Impact of climate change on insurance claims – views from Canada and the UK

This article originally published in Insurance Day. It was co-authored by Cecilia Hoover, Partner at Dolden, Wallace, Folick in Canada. Kennedys and Doldens formed an association in July 2020.

It is estimated that extreme weather events cost the world US$150 billion in 2019.

In Canada, insurers are facing mounting pressure to re-evaluate traditional products which often insufficiently respond to the property losses experienced by their insureds as a result of natural disasters such as the recent hail storm in Calgary which led to estimated losses of $1.2bn.

Insurers may wish to consider specialised allowance reserves to compensate for these natural disasters with corresponding premiums. The key to developing the proper model to respond to these types of losses may be a generous estimation and reserve setting early on. While the short-term effect might not be ideal for the books, a long-term outlook should be taken with a view to avoiding devastating upticks on unexpected claims.

In order to significantly decrease the occurrences and effect of all disasters (natural or man-made) Canada’s federal, provincial and territorial ministers collectively developed and approved An Emergency Management Framework for Canada in 2017 (the Framework). The Framework places more prominence on risk assessment, prevention and mitigation rather than on response and preparedness.

In terms of hail storms and consequent damage, preventative measures in the Framework include implementing ‘cloud seeding’, a process by which silver iodide or dry ice is placed into clouds to force the release of precipitation. This has been undertaken and funded by governmental agencies and insurers. This should help to reduce the frequency and severity of disastrous hail storms.

Pursuant to the Framework, each province and territory establishes its own emergency management and disaster relief protocols and measures. The Alberta government, for example, will tap its disaster relief fund to pay out residents of Alberta who experienced uninsured losses in the July 2020 hailstorm. One of the objectives of the Framework is to allocate funds up front to preventative measures and significantly save on the response ‘end’ with relief payments. However, with total losses estimated at $1.2 billion, it remains unknown how much the Alberta government will disburse in payments for the Calgary storm.

Closer to home, the 2020 floods in the UK were the result of record-breaking rainfall estimated to have cost the UK insurance industry approximately £400m.

The Environment Agency reports that 5.2 million properties are at flooding risk, with 500,000 at ‘significant risk’. This is against a backdrop of predicted rainfall to increase 35% by 2070.

With subrogation possibilities often limited for insurers combined with a potential rise in public liability nuisance type claims from flooding, if nothing is done, future losses for business and the economy are only expected to grow. However, steps are already in place to reduce this risk.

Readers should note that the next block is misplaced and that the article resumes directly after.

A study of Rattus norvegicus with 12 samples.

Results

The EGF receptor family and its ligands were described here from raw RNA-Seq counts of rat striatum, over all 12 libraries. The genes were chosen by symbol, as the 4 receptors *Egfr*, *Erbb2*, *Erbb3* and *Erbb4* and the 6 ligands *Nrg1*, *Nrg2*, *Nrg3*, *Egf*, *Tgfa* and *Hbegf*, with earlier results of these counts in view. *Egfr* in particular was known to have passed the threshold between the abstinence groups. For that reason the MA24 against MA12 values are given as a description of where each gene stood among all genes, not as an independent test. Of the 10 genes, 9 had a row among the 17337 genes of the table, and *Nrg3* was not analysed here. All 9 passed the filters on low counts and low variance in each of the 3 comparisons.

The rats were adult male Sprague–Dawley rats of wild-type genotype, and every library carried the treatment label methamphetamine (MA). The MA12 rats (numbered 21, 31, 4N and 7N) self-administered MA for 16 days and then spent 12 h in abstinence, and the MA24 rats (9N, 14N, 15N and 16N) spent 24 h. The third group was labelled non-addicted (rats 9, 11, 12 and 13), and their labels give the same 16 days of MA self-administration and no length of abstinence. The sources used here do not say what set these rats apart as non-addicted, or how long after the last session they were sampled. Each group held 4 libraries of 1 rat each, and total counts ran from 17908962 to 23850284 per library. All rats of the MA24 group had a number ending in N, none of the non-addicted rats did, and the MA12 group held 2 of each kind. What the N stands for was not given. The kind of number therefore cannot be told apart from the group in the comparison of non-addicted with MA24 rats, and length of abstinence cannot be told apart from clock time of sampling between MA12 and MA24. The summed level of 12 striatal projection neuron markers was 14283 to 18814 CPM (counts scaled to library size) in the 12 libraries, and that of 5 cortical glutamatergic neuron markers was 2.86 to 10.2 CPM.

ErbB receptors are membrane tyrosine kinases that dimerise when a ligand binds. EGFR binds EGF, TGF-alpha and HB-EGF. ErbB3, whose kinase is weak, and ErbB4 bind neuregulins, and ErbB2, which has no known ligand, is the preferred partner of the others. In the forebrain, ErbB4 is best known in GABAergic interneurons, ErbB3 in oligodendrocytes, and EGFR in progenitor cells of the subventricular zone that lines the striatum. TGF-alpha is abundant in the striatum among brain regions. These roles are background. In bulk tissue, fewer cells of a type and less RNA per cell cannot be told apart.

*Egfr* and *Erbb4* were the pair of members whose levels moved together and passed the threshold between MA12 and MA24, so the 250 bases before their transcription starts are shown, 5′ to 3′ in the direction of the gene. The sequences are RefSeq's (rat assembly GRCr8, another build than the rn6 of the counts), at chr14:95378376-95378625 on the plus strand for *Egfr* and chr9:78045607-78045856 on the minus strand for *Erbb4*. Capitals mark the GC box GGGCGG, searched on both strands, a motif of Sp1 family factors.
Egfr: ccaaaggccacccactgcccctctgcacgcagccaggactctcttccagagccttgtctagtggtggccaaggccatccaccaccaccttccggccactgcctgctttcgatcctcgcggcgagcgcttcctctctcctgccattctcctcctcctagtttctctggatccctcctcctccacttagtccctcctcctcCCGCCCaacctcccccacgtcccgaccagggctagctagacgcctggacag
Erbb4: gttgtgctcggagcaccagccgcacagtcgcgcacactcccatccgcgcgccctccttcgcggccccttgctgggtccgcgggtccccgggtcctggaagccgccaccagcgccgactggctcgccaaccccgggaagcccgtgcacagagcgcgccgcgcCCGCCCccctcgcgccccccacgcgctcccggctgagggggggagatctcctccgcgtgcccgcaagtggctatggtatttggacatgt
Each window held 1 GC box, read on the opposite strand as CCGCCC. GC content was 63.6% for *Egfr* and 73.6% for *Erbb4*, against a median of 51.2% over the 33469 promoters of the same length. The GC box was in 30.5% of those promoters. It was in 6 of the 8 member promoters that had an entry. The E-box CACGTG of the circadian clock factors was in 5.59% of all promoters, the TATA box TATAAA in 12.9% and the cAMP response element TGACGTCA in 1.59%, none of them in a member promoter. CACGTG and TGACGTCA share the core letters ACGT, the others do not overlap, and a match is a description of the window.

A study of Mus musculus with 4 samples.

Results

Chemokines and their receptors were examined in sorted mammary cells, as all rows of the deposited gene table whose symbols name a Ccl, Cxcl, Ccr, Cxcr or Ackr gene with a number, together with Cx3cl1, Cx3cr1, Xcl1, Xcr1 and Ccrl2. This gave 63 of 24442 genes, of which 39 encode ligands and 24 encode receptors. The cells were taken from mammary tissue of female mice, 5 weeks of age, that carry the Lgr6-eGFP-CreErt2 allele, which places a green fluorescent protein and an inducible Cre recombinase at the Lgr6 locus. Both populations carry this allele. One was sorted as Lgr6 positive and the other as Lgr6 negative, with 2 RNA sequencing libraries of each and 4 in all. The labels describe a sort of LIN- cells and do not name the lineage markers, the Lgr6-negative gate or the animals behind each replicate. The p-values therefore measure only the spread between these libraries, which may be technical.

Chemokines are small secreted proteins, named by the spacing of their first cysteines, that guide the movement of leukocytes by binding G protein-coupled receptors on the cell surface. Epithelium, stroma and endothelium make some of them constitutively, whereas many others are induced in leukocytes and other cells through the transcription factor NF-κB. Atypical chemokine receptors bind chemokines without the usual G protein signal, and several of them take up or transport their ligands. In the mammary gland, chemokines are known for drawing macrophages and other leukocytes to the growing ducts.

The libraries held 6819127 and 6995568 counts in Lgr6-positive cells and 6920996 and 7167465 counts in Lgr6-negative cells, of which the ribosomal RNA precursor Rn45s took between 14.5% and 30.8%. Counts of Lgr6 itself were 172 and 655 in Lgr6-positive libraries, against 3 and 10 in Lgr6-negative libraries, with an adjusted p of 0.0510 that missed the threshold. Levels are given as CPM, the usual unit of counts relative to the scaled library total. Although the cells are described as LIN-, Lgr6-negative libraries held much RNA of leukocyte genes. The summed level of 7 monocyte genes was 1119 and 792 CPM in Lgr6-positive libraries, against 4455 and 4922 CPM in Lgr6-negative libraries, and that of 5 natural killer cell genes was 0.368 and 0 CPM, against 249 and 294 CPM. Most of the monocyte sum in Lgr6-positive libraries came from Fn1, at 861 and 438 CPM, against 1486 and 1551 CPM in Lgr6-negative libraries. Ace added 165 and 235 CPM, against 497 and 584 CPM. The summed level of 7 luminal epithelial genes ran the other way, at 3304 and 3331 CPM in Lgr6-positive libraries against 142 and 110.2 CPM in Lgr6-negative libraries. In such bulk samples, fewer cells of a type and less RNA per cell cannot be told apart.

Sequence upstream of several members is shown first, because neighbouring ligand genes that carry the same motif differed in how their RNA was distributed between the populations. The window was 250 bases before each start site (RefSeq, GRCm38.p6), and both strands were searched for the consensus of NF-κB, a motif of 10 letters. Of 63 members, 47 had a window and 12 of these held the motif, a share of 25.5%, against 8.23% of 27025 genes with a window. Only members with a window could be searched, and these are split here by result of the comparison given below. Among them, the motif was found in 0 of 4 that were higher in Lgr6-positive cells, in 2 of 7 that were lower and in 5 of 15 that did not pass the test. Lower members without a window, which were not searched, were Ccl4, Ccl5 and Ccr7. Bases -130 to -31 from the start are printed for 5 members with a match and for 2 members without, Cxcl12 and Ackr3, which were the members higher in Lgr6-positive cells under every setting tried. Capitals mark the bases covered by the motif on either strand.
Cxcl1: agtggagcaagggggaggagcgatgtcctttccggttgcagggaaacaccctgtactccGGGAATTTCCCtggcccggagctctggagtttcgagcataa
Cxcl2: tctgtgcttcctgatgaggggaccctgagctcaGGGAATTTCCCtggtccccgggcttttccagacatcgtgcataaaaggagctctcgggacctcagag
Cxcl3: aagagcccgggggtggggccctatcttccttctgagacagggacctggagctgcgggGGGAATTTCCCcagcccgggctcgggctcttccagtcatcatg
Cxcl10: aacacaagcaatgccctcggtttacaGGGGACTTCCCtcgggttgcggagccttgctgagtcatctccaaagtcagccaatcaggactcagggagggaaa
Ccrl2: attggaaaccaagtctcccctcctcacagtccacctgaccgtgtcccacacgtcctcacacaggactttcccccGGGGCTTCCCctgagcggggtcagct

Whilst the 2020 floods were costly, the Environment Agency says that the economic damage would have been at least 14 times greater had the current flood protections not been in place. They estimate that for every £1 spent on protecting communities, around £5 of property damage is avoided.

In the March 2020 Budget, the government committed to doubling expenditure on flood and coastal risk management to £5.2 billion between 2021 and 2027, saying this will better protect a further 336,000 homes and properties as well as avoid £32 billion of wider economic damages to the nation.

In July, the government laid the Revised National Flood and Coastal Erosion Risk Management Strategy for England before Parliament. It sets out strategic objectives and measures (with target dates up to 2050) for achieving its long-term vision, namely: “a nation ready for, and resilient to, flooding and coastal change today, tomorrow and to the year 2100.”

The strategy has three core ambitions:

  1. To work with partners (including insurers) to bolster resilience to flooding and coastal change across the nation, both now and in the face of climate change.
  2. To secure sustainable growth and environmental improvements, as well as infrastructure resilient to flooding and coastal change.
  3. To ensure local people understand their risk to flooding and coastal change, know their responsibilities and how to take action.

As such, insurers are looking to incentivise insureds to adopt flood resistance and resilience measures to help manage their exposure to flood.

Although the commitments within the strategy are currently vague, it is clear that all organisations involved have their own accountability requirements. This potentially opens up liability (and recoveries for insurers) if they fail to adhere to their requirements.

Alongside the Strategy, the Environment Agency is developing an action plan to help implement the strategy which will be published by April 2021.

For now, insurers need to continue taking steps to manage their risks and ensure their policy wordings are tight so they don’t cover wider losses (such as environmental claims from resultant pollution from flooding) if they don’t intend to do so. Likewise, they need to ensure their supply chain can cope with wider flooding events to allow businesses to be back up and running quickly.

So, for all the doom and gloom perhaps, so far as flooding, the strategy may offer a silver lining after all. Insurers will certainly hope so.